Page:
Guest Editorial

By Cheryl Cameron and Tyne M. Lunn

We acknowledge the traditional homelands of the many diverse First Nations, Métis and Inuit peoples whose ancestors walked this land since time immemorial. In the spirit of reconciliation, we are learning to honor and celebrate the traditional territory of Turtle Island and are grateful for all peoples – Indigenous and non – who live, work and play on this land.


The community that has been built to support the ongoing creation of this special issue has also built capacity within our profession. From providing an opportunity for new authors to write their first published article and participate in peer review, to providing seasoned writers with opportunities to mentor and sponsor new authors, we are proud to be a community that intentionally elevates and develops others.

Some articles in this issue may be uncomfortable to read. In fact, some of these articles were uncomfortable to write. Many of the ideas within these pages are meant to act as conversation starters, and it is important for discourse to continue among the readership within the profession. Authors, collaborators and peer reviewers have endeavored to “walk the talk” by stepping out of our comfort zones, recognizing our biases and blind spots, and increasing our knowledge about racism, white privilege, social accountability, and equity. If an article makes you feel uncomfortable, if you find yourself denying the author’s experience, if you have an alternative point of view, we encourage you to reach out to engage in further discussion. These discussions are necessary to continue to progress paramedicine.

We all come to this profession with unique personal histories and lived experiences. Just because we don’t personally experience an issue does not mean that experience is not real or prevalent for others. The authors of this issue invite our Canadian paramedicine peers to pause and consider that sexism, misogyny, gender discrimination and bigotry are experienced by many of your colleagues on a daily basis; bias and racism is a prevalent reality experienced by your racialized colleagues and patients; and peers with disabilities continue to show up to work in spaces where their needs have not been considered. We all have a role in creating an environment that promotes equity. 

This annual special edition is a collective community of voices and perspectives. Acknowledging that we stand upon the shoulders of those that have come before us, we recognize our responsibility to advocate, act, reach out and make space for others. It has once again been an honor and privilege to curate this issue of “Women in Canadian Paramedicine,” and our sincere gratitude goes out to all who have contributed to make this issue once again a demonstration of the strength in unity. We see you, we hear you, we are “Stronger Together.”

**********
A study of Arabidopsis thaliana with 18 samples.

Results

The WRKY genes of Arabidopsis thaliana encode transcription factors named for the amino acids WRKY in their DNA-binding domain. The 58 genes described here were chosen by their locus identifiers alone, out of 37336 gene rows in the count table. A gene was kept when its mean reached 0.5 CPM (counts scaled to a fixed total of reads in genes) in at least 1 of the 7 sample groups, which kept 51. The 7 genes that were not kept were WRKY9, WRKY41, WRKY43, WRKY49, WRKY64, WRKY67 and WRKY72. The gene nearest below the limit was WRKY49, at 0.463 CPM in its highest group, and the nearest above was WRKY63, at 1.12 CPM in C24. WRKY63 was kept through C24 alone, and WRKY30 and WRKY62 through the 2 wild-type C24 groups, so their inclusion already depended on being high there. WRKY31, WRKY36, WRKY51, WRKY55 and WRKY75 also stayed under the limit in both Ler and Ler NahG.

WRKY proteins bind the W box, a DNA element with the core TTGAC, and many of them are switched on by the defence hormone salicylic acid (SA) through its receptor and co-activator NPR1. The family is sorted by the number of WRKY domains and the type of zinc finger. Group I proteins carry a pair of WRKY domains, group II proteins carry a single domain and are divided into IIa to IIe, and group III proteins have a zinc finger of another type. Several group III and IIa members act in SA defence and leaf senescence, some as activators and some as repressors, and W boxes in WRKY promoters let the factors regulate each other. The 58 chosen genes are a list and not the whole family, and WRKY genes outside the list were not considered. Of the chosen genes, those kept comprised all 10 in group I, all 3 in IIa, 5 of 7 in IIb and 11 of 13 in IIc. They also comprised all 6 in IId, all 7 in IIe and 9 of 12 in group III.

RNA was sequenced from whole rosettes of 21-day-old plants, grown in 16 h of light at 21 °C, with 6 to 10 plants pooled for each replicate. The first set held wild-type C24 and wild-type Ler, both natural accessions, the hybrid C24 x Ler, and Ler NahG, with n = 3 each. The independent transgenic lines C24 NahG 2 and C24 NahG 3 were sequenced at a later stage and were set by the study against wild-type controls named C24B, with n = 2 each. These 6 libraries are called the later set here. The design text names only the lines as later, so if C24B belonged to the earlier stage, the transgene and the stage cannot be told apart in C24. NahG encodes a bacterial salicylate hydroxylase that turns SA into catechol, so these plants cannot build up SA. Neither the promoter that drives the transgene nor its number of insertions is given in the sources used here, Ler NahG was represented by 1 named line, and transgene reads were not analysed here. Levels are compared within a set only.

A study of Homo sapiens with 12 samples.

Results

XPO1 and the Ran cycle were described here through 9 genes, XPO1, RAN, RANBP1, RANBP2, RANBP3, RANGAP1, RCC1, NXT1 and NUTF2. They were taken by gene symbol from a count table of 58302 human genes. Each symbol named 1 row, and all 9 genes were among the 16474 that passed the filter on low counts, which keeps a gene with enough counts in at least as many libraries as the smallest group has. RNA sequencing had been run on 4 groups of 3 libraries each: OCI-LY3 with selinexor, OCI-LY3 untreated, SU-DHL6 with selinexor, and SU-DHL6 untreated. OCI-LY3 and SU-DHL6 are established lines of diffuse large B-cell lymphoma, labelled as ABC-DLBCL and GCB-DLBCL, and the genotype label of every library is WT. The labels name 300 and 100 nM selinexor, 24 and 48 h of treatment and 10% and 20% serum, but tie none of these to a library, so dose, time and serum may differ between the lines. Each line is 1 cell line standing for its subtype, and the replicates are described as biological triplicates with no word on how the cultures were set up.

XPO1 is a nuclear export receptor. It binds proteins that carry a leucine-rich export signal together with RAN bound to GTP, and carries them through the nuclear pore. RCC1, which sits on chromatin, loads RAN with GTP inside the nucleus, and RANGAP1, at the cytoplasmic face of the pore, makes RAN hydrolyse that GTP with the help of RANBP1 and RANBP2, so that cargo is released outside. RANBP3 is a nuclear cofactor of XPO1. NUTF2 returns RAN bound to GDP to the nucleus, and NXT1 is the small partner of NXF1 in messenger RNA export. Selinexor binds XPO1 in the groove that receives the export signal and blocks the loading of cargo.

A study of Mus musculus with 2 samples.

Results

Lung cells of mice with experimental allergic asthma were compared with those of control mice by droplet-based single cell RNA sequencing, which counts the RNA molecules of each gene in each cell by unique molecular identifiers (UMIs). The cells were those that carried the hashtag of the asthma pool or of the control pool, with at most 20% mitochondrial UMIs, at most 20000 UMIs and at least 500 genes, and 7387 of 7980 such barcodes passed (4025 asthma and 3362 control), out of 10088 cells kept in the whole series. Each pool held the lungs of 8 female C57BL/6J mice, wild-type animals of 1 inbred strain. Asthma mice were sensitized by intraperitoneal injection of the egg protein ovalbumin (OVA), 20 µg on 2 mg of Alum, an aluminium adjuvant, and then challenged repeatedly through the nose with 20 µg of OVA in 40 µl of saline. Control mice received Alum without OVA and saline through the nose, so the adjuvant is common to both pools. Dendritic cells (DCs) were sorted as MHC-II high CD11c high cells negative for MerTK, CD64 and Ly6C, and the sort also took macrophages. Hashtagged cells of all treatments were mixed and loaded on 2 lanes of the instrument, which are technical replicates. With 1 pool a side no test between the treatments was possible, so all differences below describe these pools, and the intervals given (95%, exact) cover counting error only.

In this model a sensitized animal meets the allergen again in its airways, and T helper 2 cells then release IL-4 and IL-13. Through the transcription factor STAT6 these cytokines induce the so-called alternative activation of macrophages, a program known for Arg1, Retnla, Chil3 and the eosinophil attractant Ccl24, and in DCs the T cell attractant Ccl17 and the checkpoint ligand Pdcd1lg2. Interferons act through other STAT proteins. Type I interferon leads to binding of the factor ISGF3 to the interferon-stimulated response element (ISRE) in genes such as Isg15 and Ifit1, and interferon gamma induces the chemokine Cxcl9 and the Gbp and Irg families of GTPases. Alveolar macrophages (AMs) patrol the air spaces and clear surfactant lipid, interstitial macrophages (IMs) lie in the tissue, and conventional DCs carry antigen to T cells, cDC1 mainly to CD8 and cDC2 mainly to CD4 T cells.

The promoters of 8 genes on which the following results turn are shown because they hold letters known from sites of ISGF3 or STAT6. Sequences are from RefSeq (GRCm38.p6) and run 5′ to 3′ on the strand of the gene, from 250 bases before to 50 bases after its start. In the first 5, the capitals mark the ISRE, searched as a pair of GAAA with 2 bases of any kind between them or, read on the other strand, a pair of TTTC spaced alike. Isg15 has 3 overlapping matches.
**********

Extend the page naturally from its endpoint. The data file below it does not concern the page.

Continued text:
Acknowledgements and Disclaimer

The authors and contributors to this issue would like to acknowledge and thank Adrienne Renton for her gift of the cover art for this year’s issue of Women in Canadian Paramedicine. The views and opinions of the editorial and articles within this issue are those of the authors and do not reflect official policy or position of any employer or organization.

Adrienne Renton

Adrienne Renton

Adrienne has been creating art since childhood (which then was mostly unicorns). She now values her adult perspectives that were partially shaped by working as a Primary Care Paramedic. “Even though EMS isn’t the most creative field intrinsically, the diversity of people and experience is a gift. Few professions offer such a rich and diverse pallet.” Adrienne pushes herself to create art that evokes emotion. She hopes her work will create discussion about human issues and encourage positive change.

It’s so easy to become buried in a comfort bubble. Yet, true growth comes from allowing room for discomfort. Just as it is vulnerable to stand alone, it takes vulnerability to reach out and include others, especially when our own needs are met. This artwork is a request to notice other humans and invite them to share human experience in a supportive way. Be the leader who draws people into your circle and hold space for them to show up in their own way.

Continue Reading From This Edition

Women in Paramedicine

Women in Paramedicine

Women in Paramedicine is compromised of dozens of women in the paramedical field across Canada. Since 2019, they have been sharing their research, point of view, thoughts, and strength to Canadian Paramedicine through their voice and words.